In these days of Internet busy-ness, it is difficult to keep track of things. Over on Web Worker Daily Judi Sohn is talking about tools that help you take notes, and keep on top of things. I typically use Bare Bones Software’s YoJimbo and Aquaminds‘ Notetaker to keep on top of things, squirreling away bookmarks, or notes to self and what not.
But in reality many of these tools are great for collection, not for constructive reflection. Anne Zelenka recently wrote and essay about how pen and paper are the most effective tools to get things done. “Writing on a paper to do list might be just the ergonomic break your body needs,” she says.
A simple Moleskin notebook (ultraportable), a Waterman pen (ultrareliable), and a Blackberry (just in case) to keep me company – I spent nearly four hours making a massive to-do list, thinking about tasks that need to be accomplished before the year is over. Little things that need to be taken care off, bills that need to be paid, and emails that need immediate attention.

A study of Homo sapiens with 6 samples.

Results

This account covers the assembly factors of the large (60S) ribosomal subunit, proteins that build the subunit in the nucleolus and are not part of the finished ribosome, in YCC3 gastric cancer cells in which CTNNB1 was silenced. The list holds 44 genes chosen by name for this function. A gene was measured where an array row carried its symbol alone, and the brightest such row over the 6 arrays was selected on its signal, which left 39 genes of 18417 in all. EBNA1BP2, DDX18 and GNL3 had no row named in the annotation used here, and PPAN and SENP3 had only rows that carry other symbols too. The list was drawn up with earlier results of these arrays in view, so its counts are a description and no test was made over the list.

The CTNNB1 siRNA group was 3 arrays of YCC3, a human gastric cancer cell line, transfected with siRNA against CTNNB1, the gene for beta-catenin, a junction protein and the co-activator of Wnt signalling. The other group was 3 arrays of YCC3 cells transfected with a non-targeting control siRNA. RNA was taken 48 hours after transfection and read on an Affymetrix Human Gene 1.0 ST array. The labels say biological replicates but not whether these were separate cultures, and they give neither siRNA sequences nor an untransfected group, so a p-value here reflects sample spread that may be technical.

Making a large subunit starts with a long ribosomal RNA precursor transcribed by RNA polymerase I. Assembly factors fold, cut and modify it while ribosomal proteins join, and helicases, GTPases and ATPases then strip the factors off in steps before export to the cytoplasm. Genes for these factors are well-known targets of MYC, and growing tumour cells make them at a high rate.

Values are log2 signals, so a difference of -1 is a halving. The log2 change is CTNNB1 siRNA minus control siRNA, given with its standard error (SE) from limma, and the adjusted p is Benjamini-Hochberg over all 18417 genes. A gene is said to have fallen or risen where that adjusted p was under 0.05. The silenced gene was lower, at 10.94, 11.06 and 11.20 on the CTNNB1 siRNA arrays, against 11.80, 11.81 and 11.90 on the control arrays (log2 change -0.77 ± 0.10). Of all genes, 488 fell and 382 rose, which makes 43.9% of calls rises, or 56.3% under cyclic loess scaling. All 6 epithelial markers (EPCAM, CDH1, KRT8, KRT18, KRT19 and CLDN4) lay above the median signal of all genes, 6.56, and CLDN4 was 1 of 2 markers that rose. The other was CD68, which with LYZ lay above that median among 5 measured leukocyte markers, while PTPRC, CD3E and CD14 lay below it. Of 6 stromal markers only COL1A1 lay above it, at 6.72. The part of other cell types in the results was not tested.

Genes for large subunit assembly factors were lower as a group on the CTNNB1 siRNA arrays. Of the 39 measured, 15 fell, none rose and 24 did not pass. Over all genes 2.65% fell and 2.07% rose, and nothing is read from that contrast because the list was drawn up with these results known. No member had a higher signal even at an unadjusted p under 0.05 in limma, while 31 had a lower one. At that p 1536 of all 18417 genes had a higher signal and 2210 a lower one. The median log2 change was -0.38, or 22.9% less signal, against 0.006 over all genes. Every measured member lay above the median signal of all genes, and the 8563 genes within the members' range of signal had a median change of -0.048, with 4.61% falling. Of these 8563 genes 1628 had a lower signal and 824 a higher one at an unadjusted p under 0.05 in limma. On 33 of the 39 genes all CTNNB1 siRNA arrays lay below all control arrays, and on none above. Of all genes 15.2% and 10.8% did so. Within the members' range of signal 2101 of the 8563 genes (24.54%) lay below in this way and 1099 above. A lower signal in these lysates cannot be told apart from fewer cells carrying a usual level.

More than anything, the act of putting pen to the paper, organic, when compared to a computer, is one that opens up brain’s windows. For instance, I have been thinking about some widgets related posts, a chip-sector thought piece, and several other essays that need careful contemplation.
The raw information is already there – I have been reporting for a while now, but have not been able to arrange the pieces and snippets in a manner that allowed me to tell the stories I wanted to tell.
The biggest upside of today’s get-out-and-think break: I have somehow regained my writing mojo. Memo to self: go offline often, and think. Wait, let me just make a note in my Moleskin.